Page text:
What do the colored flags mean?
Colored flags will be located at each mile marker along the course to serve as a communication device to runners advising of weather- or course-related problems. Please pay close attention to these flags on race day! Here is what each color designates:
GREEN FLAG: GO - Proceed as normal.
YELLOW FLAG: CAUTION - Slow down, use caution and drink plenty of water due to heat.
RED FLAG: EXTREME CAUTION - Slow down, use extreme caution and drink plenty of water due to dangerous weather conditions. Timing of the event has stopped and no awards will be issued. But one big post race party will continue!
BLACK FLAG/CANCELLED: Stop! Race has been cancelled due to extreme weather or course emergency. All participants should turn around and head to the finish line or seek shelter. Staff and volunteers will be there to support and direct you.
When weather poises a threat, it is critical that you REALLY SLOW DOWN YOUR PACE, WALK OR ELECT TO NOT PARTICIPATE depending on your personal condition. This is not be a day to push it or try to set a PR. Please listen to your body and drink plenty of water. RUN(317) is meant to be a fun, safe celebration of the (317) so let's keep it that way. As a reminder, there are no refunds for this event. Thank you in advance for your participation and for your cooperation in helping us deliver a safe and exciting race experience
IF we do start under a Red or Black flag, we will suspend the RUN(317) Beat the Clock and Fastest Male/Female competitions for the that given race, meaning...that race will not count toward the competition. So instead of a 5-race series, the competition would be based off the other 4 races.
IMPORTANT POINTS TO REMEMBER:
- Stay properly hydrated and recognize the early warning signs of heat illness. As a runner, you can prevent heat-related problems from becoming a life-threatening situation. Respect the heat.
- Hydrating properly is important. But be careful; over hydrating can be just as harmful.
-If you are feeling sick or if you are experiencing a fever on the morning of the race, know that running in the heat will only exacerbate your illness and the symptoms of heat illness. It is advised to NOT run if you are experiencing a fever on race morning -- regardless of the weather conditions. If you become dizzy, nauseated, or have the chills while running, then STOP RUNNING, find shade, and drink water or a fluid replacement drink. If you do not feel better, seek medical help.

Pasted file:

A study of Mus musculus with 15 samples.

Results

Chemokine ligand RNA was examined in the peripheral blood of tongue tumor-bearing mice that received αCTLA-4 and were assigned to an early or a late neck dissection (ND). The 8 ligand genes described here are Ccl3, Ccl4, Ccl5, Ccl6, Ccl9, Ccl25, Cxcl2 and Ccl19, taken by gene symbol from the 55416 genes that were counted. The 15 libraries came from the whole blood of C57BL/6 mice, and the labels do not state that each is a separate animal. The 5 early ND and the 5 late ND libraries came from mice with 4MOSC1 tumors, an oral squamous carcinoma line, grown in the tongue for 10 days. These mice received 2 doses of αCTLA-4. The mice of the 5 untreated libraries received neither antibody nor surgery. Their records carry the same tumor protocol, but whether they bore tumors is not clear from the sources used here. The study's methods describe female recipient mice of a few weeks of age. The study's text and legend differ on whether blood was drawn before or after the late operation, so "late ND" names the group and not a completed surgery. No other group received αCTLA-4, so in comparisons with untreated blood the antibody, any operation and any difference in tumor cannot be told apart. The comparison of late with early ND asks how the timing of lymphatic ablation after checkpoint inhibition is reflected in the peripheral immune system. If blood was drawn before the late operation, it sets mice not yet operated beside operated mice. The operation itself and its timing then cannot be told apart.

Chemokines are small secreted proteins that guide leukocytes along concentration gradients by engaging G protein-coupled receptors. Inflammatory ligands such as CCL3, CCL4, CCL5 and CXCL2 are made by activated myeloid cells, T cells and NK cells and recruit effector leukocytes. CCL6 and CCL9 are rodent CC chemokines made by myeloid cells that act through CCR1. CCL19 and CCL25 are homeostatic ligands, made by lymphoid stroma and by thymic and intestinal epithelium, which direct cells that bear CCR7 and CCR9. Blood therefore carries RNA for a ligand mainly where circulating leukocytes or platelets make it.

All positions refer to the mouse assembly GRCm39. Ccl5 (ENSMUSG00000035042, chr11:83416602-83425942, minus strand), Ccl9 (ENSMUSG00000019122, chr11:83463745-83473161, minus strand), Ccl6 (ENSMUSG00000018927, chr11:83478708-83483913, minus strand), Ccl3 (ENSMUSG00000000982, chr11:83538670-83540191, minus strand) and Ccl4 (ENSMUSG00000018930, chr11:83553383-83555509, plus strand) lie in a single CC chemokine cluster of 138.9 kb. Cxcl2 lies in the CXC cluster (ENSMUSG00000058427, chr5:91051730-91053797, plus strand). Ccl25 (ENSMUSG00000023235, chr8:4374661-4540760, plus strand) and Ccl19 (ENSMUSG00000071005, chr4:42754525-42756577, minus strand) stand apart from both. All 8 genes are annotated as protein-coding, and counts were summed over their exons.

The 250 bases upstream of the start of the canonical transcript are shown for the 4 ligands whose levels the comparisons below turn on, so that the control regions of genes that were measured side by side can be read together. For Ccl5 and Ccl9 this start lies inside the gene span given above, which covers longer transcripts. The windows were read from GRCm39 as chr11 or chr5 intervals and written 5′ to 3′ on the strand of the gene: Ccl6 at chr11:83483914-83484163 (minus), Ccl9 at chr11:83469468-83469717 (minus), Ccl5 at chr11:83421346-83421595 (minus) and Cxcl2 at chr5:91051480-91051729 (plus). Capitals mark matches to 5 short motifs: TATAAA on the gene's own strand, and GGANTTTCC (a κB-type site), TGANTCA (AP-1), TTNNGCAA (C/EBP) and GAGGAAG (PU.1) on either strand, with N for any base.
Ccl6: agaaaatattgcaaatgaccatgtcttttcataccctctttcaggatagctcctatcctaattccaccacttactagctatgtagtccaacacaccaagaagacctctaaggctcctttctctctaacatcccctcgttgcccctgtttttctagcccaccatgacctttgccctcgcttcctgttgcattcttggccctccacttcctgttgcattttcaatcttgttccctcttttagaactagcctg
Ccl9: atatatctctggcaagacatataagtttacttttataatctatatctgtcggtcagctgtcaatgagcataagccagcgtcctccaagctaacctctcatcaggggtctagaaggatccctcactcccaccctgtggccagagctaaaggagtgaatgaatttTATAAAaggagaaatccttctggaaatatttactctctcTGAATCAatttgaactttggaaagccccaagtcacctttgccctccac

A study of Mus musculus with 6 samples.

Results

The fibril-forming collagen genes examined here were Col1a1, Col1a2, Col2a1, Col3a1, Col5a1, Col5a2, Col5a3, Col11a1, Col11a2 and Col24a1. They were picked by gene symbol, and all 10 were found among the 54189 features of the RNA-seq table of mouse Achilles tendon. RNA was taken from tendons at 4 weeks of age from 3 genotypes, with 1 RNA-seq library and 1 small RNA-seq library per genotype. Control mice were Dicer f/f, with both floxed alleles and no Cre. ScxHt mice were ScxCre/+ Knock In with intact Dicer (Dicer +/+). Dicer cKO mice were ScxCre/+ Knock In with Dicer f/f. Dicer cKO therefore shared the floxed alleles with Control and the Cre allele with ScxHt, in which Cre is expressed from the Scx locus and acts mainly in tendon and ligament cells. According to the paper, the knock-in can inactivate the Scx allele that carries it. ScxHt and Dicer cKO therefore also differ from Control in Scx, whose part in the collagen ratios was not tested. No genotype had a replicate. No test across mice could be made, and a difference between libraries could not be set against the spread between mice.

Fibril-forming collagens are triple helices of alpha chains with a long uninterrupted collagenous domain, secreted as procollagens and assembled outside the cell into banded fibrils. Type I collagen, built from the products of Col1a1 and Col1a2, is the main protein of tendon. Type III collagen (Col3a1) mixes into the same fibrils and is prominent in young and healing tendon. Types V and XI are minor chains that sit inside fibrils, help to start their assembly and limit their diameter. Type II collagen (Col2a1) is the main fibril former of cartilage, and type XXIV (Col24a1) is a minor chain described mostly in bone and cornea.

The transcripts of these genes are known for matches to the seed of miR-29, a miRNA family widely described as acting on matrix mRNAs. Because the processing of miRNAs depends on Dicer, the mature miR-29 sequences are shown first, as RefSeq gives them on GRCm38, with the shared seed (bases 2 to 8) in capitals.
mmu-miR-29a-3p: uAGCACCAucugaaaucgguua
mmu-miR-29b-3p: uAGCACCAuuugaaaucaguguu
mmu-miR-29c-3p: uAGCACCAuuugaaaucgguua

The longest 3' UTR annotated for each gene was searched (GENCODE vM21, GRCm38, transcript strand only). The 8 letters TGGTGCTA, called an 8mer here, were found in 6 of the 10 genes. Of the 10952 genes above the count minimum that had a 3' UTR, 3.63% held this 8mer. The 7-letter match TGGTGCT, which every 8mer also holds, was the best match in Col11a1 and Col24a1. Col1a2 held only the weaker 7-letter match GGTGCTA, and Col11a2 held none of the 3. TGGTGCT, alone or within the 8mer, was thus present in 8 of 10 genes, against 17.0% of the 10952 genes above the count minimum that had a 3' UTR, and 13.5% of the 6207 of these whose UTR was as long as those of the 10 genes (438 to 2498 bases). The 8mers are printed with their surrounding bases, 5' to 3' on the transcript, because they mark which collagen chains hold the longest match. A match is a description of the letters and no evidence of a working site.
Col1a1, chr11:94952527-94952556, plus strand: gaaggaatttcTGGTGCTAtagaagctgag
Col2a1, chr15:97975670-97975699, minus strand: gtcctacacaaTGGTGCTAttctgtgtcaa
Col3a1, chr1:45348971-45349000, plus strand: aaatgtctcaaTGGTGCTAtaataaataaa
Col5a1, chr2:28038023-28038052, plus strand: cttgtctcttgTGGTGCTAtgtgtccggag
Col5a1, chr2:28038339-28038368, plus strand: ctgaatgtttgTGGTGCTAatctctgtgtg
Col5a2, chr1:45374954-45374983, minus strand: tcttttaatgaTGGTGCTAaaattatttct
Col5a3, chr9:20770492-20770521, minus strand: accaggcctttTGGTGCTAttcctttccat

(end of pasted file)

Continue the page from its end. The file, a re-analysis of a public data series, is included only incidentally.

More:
-Heatstroke occurs when the body fails to regulate its own temperature and the body temperature continues to rise. Symptoms of heatstroke include mental changes (such as confusion, delirium, or unconsciousness). Heatstroke is a life-threatening medical emergency, requiring emergency medical treatment.
-Run in the shade whenever possible and avoid direct sunlight. When you are going to be exposed to the intense rays from the sun, apply at least 30 SPF sunscreen and wear protective eye wear that filters out UVA and UVB rays. Consider wearing a visor that will shade your eyes and skin, but will allow heat to transfer off the top of your head.
-If you have heart or respiratory problems or are on any medications, consult your doctor about running in the heat. In some cases it may be in your best interest to rethink your running strategy on race day, and if there are extreme temperature increases on race day, then consider not running at all. If you have a history of heat stroke/illness, know that you are susceptible for this condition again, so run with extreme caution.
- Dress accordingly; wear as few clothes as you decently can. Try loose fitting white shorts and a white mesh top to reflect the heat and to permit evaporation. Protect your head from intense sun with a lightweight hat that can breathe. The back of the neck can be protected by the hat/visor or a cotton kerchief.
-Run with friends so that you can keep an eye on each other's medical status during the event. If you see a runner in distress, then ask for medical assistance.